Monday, June 30, 2003

So as I mentioned on the message board, I watched the documentary Iraq: The Cameraman's Story on BBC4 last night.

Half of the film was made by Fred Scott, with whom I travelled into Northern Iraq and spent a month in Arbil just before the start of the war. The interminable bus journey from Turkey, the Arbil Tower Hotel....all the experiences I described in the early days of the blog are in the documentary.

The film focuses on the "friendly fire" incident in which Fred, John Simpson and the rest of the team got caught up and in which their translator was killed. I hadn't seen much of the footage and it really upset me. By the end I was crying on the sofa.

Not only did it bring back all the memories of my accident -- the confusion, the face down in the dirt, the frantic shouts in Kurdish -- but it also reminded me of when I heard that Fred and his team had been hit.

It was the morning after I got back to the UK.

I was still groggy after the anaesthetic I'd had the day before when I went down to the operating theatre so that the surgeon could take a look at my injuries (and decide that my foot couldn't be salvaged.) I switched on the TV and the first thing I saw on News 24 was a "Breaking News" strapline and a scrolling headline reporting what had happened to them.

I felt my guts sink through the floor. My ears felt like they were ringing. I couldn't concentrate. I just couldn't believe what I was reading. Another accident in Northern Iraq, just days after mine? What were the chances of that happening? I was convinced the whole team had been wiped out. I immediately got on the phone and tried to find out what had happened. Before long, John was broadcasting live, describing what he called "a scene from hell."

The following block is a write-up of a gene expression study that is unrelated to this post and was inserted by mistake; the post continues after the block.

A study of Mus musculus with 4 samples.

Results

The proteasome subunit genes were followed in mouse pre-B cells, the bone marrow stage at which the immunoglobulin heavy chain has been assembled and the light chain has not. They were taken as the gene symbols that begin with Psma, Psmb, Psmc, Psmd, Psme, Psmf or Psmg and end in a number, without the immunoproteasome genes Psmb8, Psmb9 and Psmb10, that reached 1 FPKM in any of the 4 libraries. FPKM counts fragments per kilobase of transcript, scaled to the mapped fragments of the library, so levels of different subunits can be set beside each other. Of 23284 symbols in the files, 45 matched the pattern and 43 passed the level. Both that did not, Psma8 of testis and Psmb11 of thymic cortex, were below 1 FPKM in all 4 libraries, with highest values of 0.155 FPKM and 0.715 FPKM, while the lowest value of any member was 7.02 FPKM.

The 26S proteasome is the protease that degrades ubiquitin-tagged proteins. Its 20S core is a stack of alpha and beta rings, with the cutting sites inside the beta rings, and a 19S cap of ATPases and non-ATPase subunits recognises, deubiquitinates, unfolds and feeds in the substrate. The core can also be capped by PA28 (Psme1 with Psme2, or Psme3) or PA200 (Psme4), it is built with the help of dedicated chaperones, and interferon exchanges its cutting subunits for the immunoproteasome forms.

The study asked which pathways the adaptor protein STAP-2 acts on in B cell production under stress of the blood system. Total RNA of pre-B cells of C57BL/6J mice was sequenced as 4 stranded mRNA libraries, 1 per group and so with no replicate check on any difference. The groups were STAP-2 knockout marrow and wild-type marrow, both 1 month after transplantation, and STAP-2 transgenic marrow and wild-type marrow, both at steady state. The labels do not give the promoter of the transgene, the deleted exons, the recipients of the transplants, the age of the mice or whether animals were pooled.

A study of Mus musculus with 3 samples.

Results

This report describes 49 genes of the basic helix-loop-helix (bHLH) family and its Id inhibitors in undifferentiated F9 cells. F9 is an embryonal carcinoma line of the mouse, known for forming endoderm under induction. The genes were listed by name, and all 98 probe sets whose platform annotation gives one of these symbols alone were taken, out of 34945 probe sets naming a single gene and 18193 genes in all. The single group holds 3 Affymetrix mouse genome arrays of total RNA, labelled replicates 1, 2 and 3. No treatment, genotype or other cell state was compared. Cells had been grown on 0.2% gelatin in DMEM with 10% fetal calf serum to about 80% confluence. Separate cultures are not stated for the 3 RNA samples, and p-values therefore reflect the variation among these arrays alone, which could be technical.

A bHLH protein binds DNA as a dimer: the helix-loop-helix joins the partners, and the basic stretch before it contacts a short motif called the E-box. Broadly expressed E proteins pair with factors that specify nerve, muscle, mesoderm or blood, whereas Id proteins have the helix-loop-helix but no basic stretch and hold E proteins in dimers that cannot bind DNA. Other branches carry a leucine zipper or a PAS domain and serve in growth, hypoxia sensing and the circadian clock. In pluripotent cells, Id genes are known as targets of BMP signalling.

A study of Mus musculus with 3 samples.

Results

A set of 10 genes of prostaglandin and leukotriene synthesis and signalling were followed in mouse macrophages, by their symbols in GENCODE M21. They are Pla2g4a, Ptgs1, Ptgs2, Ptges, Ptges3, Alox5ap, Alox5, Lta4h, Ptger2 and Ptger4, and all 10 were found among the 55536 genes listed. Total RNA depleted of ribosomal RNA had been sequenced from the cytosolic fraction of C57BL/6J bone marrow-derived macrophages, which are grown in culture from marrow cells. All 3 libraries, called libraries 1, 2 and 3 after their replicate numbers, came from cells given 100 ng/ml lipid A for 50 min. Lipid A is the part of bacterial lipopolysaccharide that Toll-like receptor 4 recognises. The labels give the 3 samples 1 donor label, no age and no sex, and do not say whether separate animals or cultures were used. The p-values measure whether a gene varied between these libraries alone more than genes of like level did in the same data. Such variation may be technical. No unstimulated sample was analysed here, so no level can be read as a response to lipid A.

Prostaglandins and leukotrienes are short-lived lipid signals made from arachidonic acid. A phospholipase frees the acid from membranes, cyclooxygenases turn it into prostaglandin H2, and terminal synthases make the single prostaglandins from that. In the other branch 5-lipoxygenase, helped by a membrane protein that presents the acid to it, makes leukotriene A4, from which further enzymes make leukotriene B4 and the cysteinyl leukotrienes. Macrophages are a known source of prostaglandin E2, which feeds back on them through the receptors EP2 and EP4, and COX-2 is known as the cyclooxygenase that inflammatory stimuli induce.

One of my bosses has since told me that after that week, in which ITN's Gaby Rado died and the two BBC teams in Northern Iraq were hit, he was afraid to answer the phone. Every time it rang it seemed to be news of more journalists killed and injured.

It was a terrible week for journalism.

And with Jamie spending the weekend here in London, on her way to Baghdad, much of the talk has been of why we do what we do. Why do we go to these god-forsaken places, putting ourselves in danger -- and more to the point, why do we do it willingly? Is it sheer egotism? A misplaced sense of invulnerability? A death-wish?

Why do journalists leave their husbands and wives, their partners and young children and get on planes time and time again, not knowing what lies ahead and whether they'll get back safely?

I don't fully subscribe to this notion that it's all about bearing witness to the truth. There are untold stories all around, not just in hostile environments. So why do we do it, why?

We do it because we mistakenly believe, as Kaveh said, that "war is great." We kid ourselves that it is only in dangerous places that we can feel truly alive.

Except that war isn't great. It's shit and our friends get killed.